AP FACT CHECK: Trump misrepresents Orlando attack and GDP statistics

Published 8:01 am Monday, March 5, 2018

WASHINGTON — President Donald Trump didn’t always tell it straight this past week on matters involving his attorney general, economic growth, guns and trade.

A look at some rhetoric from Trump and his aides:

TRUMP: “You take the Pulse Nightclub. If you had one person in that room that could carry a gun and knew how to use it, it wouldn’t have happened, or certainly not to the extent it did, where he was just in there shooting and shooting and shooting, and they were defenseless.” — bipartisan meeting with lawmakers Wednesday.


TRUMP, addressing governors Monday: “We’ve done many other things, as you know, and I won’t go over them because I want to be hearing from you today. But many other things that, frankly, nobody thought possible. GDP: 3.2, 3, 3… . I think we’re going to have another really big one coming up this current quarter. Maybe a number that nobody would have thought would ever be hit.” — addressing governors Monday.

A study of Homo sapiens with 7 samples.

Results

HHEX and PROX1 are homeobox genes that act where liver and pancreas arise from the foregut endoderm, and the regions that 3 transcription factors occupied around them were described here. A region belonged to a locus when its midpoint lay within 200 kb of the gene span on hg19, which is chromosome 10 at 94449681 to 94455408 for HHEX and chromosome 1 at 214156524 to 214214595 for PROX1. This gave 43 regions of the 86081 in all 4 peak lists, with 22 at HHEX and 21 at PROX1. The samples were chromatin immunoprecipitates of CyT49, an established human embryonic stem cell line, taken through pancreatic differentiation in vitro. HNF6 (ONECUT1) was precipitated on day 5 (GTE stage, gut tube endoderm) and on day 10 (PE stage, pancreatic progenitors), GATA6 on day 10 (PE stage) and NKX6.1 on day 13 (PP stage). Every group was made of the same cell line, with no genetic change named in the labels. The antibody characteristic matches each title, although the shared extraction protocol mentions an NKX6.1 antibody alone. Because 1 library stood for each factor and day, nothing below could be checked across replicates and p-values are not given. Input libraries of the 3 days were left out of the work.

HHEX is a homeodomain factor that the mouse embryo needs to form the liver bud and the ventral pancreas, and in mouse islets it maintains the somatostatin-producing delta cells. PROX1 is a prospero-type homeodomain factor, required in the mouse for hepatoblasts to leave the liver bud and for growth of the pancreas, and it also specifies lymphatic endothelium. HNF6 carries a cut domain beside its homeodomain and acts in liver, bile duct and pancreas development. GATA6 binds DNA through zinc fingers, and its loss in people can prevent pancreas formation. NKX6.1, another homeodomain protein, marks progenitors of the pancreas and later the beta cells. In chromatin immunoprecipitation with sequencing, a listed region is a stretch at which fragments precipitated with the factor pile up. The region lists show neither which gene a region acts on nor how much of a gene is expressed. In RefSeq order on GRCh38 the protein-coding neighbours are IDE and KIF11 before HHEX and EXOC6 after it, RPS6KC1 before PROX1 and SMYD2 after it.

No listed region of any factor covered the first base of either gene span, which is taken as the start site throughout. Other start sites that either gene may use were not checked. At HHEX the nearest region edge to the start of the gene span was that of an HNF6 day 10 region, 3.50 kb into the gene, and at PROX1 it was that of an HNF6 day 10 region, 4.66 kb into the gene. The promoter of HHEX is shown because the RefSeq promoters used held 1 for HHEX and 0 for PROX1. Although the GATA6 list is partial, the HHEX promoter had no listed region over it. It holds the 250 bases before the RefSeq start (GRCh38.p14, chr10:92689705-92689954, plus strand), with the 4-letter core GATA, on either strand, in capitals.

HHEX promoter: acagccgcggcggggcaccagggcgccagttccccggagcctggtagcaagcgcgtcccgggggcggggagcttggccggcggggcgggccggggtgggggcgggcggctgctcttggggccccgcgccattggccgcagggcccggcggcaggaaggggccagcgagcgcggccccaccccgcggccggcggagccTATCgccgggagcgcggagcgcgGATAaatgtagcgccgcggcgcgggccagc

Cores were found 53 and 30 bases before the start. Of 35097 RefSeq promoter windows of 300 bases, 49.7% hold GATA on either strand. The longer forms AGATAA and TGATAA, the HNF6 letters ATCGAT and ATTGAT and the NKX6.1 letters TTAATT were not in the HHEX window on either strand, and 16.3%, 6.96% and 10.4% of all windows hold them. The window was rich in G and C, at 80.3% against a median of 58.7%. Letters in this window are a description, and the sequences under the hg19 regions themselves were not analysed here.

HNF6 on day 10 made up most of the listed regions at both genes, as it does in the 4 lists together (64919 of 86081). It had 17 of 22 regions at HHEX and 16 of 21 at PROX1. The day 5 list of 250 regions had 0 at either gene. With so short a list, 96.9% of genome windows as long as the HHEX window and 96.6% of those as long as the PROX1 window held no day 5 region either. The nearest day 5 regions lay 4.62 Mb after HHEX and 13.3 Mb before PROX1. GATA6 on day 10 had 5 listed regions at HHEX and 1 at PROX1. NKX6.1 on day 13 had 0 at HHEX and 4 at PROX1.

THE FACTS: He cited three quarters of annualized growth of the gross domestic product and got one of them right. The correct percentages for each quarter last year are, in order, 1.2 percent, 3.1 percent, 3.2 percent and 2.6 percent. That fourth-quarter percentage is tentative and might still be adjusted. The first quarter encompassed Barack Obama’s final weeks as president.

Overall, the U.S. economy grew by 2.3 percent last year, subject to possible adjustments in the fourth quarter. That’s an improvement from Obama’s final year, 1.5 percent in 2016, but below the best year of the Obama presidency, 2.9 percent in 2015.

Trump has set high — even sky high — expectations for GDP growth, saying late last year, “I see no reason why we don’t go to 4 percent, 5 percent, and even 6 percent.”